The Border Station in Eastport, Idaho is operated by the Customs and Border Protection (CBP) Division of the U.S. Department of Homeland Security (DHS). First established in 1924, it is part of the Spokane Sector of the U.S. Border Patrol and is operated by the Seattle Field Operations Office.
- Grand Canyon University - B.S. in Homeland Security and Emergency Management and M.S. in Criminal Justice: Law Enforcement
- Strayer University - Bachelors of Science Degree in Criminal Justice
- Michigan State University - Online Master of Science in Criminal Justice
- Saint Joseph's University - Online Master of Science in Criminal Justice
The border between Idaho and British Columbia is only 45 miles long, but it has an active history. In its early years, most of those apprehended were ex-soldiers of the German Army trying to enter the U.S to establish residency. Since then, a number of those stopped at the Eastport Border Patrol Station were migrant agricultural workers trying to cross into the country illegally.
The Role of Customs and Border Patrol Agents in Idaho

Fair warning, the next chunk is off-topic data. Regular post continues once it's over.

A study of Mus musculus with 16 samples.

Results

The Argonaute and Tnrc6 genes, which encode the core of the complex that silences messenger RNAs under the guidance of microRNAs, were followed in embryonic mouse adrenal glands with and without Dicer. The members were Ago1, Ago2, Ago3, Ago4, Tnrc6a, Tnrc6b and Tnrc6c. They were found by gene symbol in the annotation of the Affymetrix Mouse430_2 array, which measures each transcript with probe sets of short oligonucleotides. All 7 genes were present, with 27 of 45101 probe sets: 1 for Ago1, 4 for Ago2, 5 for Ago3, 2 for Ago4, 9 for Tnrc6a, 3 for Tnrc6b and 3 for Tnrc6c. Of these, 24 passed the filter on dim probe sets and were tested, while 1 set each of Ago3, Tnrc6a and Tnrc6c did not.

The primary role of customs and border patrol jobs in Eastport, Idaho is to thwart potential terrorist acts against the U.S., but the interception of drug trafficking into the county is also an important part of maintaining strong U.S. security. In the 1980s, the emphasis of Border Patrol agents in this region shifted from apprehending migrant agricultural workers to identifying criminal aliens and those who try to smuggle drugs from Canada into the U.S.
In addition to the jobs of Customs and Border Patrol agents who monitor individuals and vehicles crossing the border at Eastport to ensure that they are not bringing drugs or other contraband into the country, these agents are responsible for the rest of the territory along the Idaho border. British Columbia has become a frequent source for high potency marijuana in the U.S. An Idaho arrest in January 2012 identified over 68 pounds of marijuana being transported into the state.
Mexican drug cartels have become active in the Western part of the U.S and are thought to be involved in most of the drug smuggling that takes place in Idaho. In addition to bringing goods into the U.S., members of these criminal organizations take advantage of the rural nature of much of the U.S./Canadian border to smuggle cocaine into Canada. Border Patrol agents in Eastport have met the stringent CBP training requirements necessary to effectively monitor the 308 miles of border included in the CBP’s Spokane Sector.